MARKET CLOSE: NZ shares rise; Freightways paces gainers, Vector falls
By Jason Krupp
Dec. 23 (BusinessDesk) - New Zealand stocks rose for a second session after weaker-than-expected third-quarter economic growth figures failed to dent investor appetite for higher-yielding stocks. Freightways Ltd. paced gainers on the exchange while Vector Ltd. fell.
The NZX 50 Index rose 11.38 points, or 0.3%, to
3,333.75. Within the index, 23 stocks gained, 15 declined
and 12 were unchanged. Turnover was $58.9
Government figures today showed gross domestic product contracted 0.2% in the third quarter and narrowly avoided recession, as second-quarter growth was revised down to just 0.1%.
Export volumes shrank 1.1% in the period with a 17% slump in meat products and a 6% decline in dairy, ending two quarters of gains. Primary industry growth fell 2.8%, led by declines in fishing, forestry and mining.
Freightways, the express package company, rose 1.6% to $3.15. The stock has a dividend yield of 8.9%, based on the past 12 months. By comparison, FedEx Corp. has a dividend yield of 0.5% and the average for stocks in the Standard & Poor's 500 Index is 1.7%.
Guinness Peat Group, the investment holding company, rose 1.4% to 71 cents, and Argosy Property Trust, the listed property investor, rose 1.4% to 73 cents.
Contact Energy Ltd., the third biggest company on the exchange, rose 1.3% to $6.25 after the Electricity Authority said it would begin a formal review in high wholesale electricity spot prices in the New Year.
Prices have been trading well above $200 per Megawatt hour at regular intervals since Dec. 1, up from an average of $55 per MWh in the last few months.
Telecom Corp., New Zealand's biggest telephone company, rose 0.9% to $2.24 after the Commerce Commission released it draft recommendation on mobile termination rates, which if accepted, could dramatically slash the price of mobile calls and texts.
The commission recommended wholesale pricing for voice calls to a mobile network be set at a cost-based benchmark, starting at a rate of 4.6 cents per minute. For text it adopted a bill and keep, or zero charge, approach, citing the low cost of terminating texts and the balance in inter-carrier traffic.
"In terms of EBIT it is not material for Telecom, but it is a lot more significant for Vodafone," said David Price, a broker for Forsyth Barr.
Fletcher Building Ltd., the country biggest construction company, rose 0.5% to $7.83 after it applied for clearance from New Zealand antitrust regulators to buy Australia's Crane Group for $740 million.
The move, while procedural, is a sign of the construction company's continued ardor for Crane after the takeover target's board recommended shareholders reject the A$9.35 cash and share offer saying it undervalued the company.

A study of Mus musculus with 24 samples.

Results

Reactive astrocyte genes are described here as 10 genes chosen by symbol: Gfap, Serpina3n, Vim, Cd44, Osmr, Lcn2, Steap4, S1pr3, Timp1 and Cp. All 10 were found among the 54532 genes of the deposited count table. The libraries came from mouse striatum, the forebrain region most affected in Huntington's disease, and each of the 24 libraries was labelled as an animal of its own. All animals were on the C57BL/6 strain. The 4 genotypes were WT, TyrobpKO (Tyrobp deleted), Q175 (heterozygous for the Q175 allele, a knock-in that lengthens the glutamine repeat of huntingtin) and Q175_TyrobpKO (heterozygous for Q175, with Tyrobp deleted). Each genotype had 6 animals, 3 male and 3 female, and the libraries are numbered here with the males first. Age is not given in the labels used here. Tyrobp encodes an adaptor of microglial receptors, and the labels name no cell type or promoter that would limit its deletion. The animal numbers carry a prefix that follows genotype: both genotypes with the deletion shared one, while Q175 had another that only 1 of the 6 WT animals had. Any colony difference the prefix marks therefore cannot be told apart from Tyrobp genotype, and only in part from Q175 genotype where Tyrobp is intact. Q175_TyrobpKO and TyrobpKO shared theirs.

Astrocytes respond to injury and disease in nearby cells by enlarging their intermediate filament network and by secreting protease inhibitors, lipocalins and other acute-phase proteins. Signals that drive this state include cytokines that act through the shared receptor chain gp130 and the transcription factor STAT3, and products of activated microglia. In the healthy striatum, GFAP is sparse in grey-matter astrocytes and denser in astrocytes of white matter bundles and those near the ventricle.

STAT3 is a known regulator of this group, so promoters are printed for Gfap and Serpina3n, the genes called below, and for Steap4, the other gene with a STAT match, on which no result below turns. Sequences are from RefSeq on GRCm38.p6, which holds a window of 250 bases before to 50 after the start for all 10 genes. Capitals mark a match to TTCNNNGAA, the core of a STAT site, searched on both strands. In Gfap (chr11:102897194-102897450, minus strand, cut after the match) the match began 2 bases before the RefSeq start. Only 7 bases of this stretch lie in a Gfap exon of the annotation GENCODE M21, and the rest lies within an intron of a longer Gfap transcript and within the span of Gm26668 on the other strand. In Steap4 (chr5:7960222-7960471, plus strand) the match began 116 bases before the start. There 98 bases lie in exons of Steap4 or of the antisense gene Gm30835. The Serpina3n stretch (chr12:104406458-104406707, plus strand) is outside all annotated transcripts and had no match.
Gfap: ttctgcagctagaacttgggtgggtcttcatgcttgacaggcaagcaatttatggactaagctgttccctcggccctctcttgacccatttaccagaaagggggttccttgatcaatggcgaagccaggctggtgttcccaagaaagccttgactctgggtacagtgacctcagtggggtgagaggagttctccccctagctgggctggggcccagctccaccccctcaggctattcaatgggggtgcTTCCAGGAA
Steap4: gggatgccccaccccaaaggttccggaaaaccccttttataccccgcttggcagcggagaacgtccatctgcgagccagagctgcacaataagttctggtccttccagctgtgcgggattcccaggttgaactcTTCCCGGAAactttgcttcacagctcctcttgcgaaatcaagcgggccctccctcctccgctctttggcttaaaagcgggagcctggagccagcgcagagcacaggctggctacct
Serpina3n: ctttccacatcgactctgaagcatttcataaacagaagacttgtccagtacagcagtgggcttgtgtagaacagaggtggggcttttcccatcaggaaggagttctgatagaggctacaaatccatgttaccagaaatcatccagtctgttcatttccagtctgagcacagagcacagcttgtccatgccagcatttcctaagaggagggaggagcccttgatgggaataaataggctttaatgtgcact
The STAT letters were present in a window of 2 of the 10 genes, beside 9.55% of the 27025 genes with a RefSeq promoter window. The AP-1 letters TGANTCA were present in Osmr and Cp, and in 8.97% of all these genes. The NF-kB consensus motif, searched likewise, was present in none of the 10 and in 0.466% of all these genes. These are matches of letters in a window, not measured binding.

Crane shares have risen 22.8% since Fletcher's bid, and were last trading at $9.42 on the ASX.
"If you look at performance of Crane it has been rather disappointing," Price said. "That 15% of the stock has already traded gives you an indication of what some of the larger companies think of the bid."
Abano Healthcare Group, the specialist healthcare clinic investor, rose 0.6% to $4.84 after it extended its pathology contracts in the Greater Wellington region for another three years. The $75 million contracts with Hutt Valley and Capital & Coast District Health Boards build on existing five-year deal with Abano subsidiary Aotea Pathology.
Air New Zealand Ltd. was unchanged at $1.50 after the national carrier announced it was teaming up with Bank of New Zealand on a co-location trial from the middle of next year. The details of the partnership agreement between Air NZ Holidays branded stores and the BNZ are still to be generated, including trial store locations.
Telstra Corp., the Australian telephone company, was unchanged at $3.72 after the company said it would write about A$138 million (NZ$186.2 million) off its China-based Octave mobile business.
Telstra bought 67% of Octave, which supplies
consumer mobile content and technical services for mobile
music, for A$259 million in February 2009.
Vector Ltd., the Auckland based electricity lines company, fell 2.1% to $2.30, pacing decliners on the bourse.
Auckland International Airport Ltd., the country's busiest gateway, fell 0.5% to $2.16, after government raised disclosure requirements on regulated airports in a bid to improve transparency and competition.
Under the change Auckland, Wellington, and Christchurch gateways will now be required to provide regular updates on historical financial information, quality measures; pricing information, and revenue forecasts from the start of the 2012 financial year.
PGG Wrightson Ltd., the rural services group, fell 2% to 84 cents, Property for Industry, the commercial property investor, fell1.8% to $1.12, and Warehouse Group, New Zealand's biggest listed retailer, fell 1.6% to $3.59.